I’m going to start off with a disclaimer; I’ve never particularly liked TweetDeck. I find its interface clunky, and as someone who works in social media, it doesn’t quite have the suite of tools that other products like Hootsuite offer. However, it is one of the most popular Twitter clients out there, and the news of it now being discontinued on mobile, to live on as a Web and Chrome app, has been met with widespread dismay. But Twitter (mostly) killing TweetDeck is a good thing, and here’s why.
TweetDeck was bought by Twitter way back in 2011 as the company’s focus moved more from its desktop site and on to mobile devices. It was also a handy way to run searches and keep yourself up-to-date, having more to offer than Twitter’s website or official apps in some respects. But as Twitter becomes embroiled in a deepening battle with Facebook, and moves to challenge Instagram, there’s little room for the app to be kept. As I said, the app is fairly clunky when compared to others. Its design doesn’t flow well and the last time I used it on my Android I found it tough to control both my professional and personal accounts simultaneously. Put simply, it doesn’t stack up.
Shelving most of TweetDeck’s features will allow Twitter to focus much more on its direct product offerings – refining and producing better apps, such as Vine, to combat the growth of Instagram and the popularity of sites like Im.gur that thrive on short GIFs and animations. A more focused ethic on design and function of core apps and offerings could make Twitter much more reactive and lead to better applications for consumers and marketers especially – marketers that the microblogging site desperately needs to woo in order to validate the company’s recent high profile valuations, but also to keep the average consumer on side in the face of Google+ and Facebook Graph Search competition.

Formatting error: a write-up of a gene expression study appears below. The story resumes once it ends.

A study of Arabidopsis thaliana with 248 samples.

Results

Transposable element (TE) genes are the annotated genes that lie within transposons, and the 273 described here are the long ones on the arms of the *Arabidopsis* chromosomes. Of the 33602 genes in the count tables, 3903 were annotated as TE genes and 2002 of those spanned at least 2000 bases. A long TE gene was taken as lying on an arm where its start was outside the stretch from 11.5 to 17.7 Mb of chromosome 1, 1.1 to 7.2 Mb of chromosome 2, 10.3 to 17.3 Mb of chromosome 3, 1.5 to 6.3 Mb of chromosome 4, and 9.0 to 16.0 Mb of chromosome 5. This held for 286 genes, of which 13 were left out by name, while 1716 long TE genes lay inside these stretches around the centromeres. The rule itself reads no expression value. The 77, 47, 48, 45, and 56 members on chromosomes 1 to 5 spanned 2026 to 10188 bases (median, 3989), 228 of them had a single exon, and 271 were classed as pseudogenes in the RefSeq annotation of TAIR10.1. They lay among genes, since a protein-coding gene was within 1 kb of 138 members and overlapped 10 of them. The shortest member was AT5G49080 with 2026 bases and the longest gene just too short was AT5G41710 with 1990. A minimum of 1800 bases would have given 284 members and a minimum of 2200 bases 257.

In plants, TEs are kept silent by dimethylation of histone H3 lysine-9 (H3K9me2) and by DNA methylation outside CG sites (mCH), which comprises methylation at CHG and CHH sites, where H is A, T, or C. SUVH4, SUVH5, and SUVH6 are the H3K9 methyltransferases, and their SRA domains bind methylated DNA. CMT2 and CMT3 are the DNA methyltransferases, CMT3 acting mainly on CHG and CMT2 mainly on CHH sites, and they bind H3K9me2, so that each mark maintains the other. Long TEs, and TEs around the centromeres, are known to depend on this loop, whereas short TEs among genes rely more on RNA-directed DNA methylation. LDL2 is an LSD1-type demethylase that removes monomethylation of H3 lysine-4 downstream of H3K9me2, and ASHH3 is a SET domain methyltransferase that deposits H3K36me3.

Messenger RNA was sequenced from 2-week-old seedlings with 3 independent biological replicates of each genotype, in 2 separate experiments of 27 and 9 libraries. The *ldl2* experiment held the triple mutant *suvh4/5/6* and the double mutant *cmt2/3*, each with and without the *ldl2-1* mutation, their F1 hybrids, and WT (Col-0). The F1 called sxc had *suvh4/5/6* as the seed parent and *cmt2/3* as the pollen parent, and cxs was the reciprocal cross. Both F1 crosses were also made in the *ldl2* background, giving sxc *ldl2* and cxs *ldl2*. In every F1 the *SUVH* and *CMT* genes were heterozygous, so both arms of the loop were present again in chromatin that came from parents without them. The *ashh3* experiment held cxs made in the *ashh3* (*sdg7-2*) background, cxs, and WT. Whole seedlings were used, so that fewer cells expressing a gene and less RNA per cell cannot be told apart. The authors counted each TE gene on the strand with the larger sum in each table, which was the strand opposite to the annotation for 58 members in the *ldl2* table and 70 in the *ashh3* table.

The proof of this can already been seen in a fairly ‘under the radar’ update to Twitter’s Windows Phone 8 app, which has now brought it more in line with Android and iOS versions, creating a strong consistency across its products – something that is key to being competitive and relevant in a fast-changing market. The more varied and higher quality Twitter’s core app offerings become, the more confidence the average user, and marketer, has in the service – a cyclical relationship which is key to the success of any social network.
The apparent death of TweetDeck doesn’t hamper innovation or the open-source Internet either, given that TweetDeck is a Twitter company, it’s only natural to expect that it would have either closed or integrated it with the core Twitter product at some point. There are plenty of other ways to access Twitter from a multitude of developers. From a consumer standpoint, Plume is a fantastic app for Android, and for marketers, Hootsuite lets you dig into analytics nicely. The beginning of the end for TweetDeck should spur developers to create better, more usable apps.
So TweetDeck might be gone, but it’s a good thing for all involved.